The remains left the Office of the Chief Medical Examiner on Manhattan’s East Side shortly before 7 a.m. in three city vehicles. They were accompanied by police and fire department vehicles with lights flashing but no sirens.
Construction workers paused as the motorcade passed, and about 10 firefighters stood in the cool breeze saluting the vehicles as they arrived. The remains will be transferred to a repository 70 feet underground in the same building as the National September 11 Memorial Museum.
Like many decisions involving the site of the nation’s worst terrorist attack, the disposition of the unidentified remains has been contentious.
A group of victims’ family members who say the remains should be stored in an above-ground monument separate from the museum protested the procession. About a dozen wore black bands over their mouths at the site Saturday.
“It’s horrible. I am so angry. I am so angry. I am outraged,” said Sally Regenhard, whose firefighter son was killed at the trade center.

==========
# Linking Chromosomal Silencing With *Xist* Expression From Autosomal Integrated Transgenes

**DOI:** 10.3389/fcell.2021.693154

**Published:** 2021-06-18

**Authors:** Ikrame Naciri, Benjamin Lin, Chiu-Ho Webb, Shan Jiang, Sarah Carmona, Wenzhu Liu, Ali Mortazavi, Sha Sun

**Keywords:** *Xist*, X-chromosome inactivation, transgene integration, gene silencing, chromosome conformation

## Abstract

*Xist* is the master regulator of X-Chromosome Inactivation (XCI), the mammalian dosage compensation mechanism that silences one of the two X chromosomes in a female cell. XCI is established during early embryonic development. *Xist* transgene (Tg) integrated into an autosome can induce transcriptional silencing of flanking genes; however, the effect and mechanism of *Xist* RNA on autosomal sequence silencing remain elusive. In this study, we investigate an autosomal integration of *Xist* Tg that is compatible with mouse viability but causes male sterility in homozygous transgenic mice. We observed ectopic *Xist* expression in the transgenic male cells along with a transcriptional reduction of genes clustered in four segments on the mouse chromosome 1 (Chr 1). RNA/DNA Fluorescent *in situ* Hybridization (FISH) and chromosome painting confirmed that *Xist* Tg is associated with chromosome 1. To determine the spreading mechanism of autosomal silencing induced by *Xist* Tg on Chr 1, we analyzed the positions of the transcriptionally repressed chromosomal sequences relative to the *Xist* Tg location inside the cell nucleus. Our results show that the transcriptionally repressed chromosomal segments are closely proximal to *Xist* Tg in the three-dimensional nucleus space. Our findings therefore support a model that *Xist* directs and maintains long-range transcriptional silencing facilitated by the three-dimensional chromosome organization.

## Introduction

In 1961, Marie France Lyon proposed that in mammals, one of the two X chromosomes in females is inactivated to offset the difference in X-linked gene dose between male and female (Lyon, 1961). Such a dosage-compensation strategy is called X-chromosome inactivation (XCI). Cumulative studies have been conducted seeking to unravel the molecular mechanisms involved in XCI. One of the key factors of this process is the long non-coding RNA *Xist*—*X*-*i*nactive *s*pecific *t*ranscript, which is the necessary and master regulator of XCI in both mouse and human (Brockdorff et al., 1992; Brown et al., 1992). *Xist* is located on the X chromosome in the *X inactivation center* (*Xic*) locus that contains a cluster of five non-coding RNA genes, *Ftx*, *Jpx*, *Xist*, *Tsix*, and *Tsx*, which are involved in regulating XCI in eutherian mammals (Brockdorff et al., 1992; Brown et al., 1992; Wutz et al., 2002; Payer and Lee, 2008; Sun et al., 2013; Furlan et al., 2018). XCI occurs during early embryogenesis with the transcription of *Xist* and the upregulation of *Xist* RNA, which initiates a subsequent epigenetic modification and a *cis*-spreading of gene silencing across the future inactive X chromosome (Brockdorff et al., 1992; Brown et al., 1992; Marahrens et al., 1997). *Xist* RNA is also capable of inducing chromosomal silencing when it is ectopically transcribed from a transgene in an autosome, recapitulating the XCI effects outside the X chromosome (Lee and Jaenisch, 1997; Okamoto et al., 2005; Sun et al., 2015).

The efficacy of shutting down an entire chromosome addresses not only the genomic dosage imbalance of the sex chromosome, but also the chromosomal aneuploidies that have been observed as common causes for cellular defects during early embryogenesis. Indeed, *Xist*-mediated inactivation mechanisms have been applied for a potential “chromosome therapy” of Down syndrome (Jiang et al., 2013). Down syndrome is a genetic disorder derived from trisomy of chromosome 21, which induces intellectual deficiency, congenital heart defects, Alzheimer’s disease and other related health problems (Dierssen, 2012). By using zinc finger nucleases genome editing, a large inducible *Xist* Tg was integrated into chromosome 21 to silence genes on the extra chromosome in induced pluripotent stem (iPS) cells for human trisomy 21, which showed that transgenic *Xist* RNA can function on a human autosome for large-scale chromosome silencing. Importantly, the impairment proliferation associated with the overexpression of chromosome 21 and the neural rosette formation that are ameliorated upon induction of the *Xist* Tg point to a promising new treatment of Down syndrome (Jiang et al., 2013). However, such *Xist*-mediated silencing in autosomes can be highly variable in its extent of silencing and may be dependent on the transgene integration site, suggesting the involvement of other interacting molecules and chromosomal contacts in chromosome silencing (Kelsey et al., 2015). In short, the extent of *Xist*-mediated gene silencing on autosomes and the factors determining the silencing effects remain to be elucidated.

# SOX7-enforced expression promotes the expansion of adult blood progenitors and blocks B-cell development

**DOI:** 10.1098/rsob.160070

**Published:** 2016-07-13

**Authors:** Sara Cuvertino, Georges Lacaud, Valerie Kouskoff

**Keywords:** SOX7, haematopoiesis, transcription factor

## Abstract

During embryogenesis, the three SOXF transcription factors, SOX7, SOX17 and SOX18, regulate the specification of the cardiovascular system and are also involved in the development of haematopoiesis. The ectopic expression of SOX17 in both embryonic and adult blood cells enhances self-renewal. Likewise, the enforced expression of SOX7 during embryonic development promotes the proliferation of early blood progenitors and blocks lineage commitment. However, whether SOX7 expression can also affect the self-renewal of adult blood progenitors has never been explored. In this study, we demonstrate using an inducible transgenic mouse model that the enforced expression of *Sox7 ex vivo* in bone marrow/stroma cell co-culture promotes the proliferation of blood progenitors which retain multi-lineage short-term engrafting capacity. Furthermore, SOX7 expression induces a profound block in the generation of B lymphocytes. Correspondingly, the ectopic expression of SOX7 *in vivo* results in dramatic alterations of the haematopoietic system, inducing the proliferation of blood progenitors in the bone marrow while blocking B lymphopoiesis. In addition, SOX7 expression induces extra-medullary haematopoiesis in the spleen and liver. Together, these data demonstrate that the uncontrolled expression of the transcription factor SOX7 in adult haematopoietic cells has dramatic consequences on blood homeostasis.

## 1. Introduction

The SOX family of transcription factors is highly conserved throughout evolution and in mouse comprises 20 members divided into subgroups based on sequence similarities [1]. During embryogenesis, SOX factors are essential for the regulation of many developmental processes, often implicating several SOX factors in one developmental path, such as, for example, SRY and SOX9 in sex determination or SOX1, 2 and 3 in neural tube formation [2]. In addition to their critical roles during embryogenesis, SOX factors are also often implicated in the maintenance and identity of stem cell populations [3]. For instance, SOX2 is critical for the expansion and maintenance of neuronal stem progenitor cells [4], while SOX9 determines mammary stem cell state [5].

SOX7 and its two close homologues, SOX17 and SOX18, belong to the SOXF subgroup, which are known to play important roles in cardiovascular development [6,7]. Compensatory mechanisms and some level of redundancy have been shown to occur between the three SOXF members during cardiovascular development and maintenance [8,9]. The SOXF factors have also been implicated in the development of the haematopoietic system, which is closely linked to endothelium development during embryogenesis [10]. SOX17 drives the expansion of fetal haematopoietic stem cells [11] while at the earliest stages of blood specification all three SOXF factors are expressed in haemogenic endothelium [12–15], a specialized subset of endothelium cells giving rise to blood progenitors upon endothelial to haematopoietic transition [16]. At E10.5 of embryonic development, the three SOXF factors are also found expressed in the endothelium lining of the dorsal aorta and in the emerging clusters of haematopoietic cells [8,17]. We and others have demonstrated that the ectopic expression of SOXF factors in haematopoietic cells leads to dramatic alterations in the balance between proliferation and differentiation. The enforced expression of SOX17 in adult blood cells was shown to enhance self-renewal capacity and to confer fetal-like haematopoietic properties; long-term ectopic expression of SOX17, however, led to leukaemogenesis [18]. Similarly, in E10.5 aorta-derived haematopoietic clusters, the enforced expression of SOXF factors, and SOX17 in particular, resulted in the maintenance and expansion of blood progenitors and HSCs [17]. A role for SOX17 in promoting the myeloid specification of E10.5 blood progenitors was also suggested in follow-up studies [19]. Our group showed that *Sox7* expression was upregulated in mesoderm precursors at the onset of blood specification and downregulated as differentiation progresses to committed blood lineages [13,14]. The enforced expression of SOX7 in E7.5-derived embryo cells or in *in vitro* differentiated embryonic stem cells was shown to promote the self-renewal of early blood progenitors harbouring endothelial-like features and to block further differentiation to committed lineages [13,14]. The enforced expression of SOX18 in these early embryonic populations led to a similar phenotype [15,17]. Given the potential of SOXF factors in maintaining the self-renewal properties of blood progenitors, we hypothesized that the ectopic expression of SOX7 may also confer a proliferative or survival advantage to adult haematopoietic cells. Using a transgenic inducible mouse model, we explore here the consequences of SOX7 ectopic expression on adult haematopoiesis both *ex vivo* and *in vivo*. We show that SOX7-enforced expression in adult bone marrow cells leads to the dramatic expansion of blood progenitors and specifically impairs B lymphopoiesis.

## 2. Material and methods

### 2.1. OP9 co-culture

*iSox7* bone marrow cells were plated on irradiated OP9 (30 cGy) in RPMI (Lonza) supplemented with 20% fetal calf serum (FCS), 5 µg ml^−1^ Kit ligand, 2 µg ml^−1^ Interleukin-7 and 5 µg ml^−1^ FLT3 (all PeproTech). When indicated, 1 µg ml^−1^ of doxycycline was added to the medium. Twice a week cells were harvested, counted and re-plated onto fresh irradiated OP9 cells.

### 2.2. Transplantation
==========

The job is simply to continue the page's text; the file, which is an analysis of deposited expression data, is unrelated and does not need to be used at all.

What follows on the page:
“The human remains of my son and all of the 3,000 victims should be in a beautiful and respectful memorial, not in the basement of a museum,” she said.
Rosemary Cain, who also lost her firefighter son at the trade center, was also upset about the transfer.
“I don’t know how much of him is down here; if it’s one little inch, I want it treated respectfully,” she said. “I want it above ground. I don’t want it to be part of a museum. I don’t want it to be part of a freak show.”
Other family members support the plans, which have been in the works for years.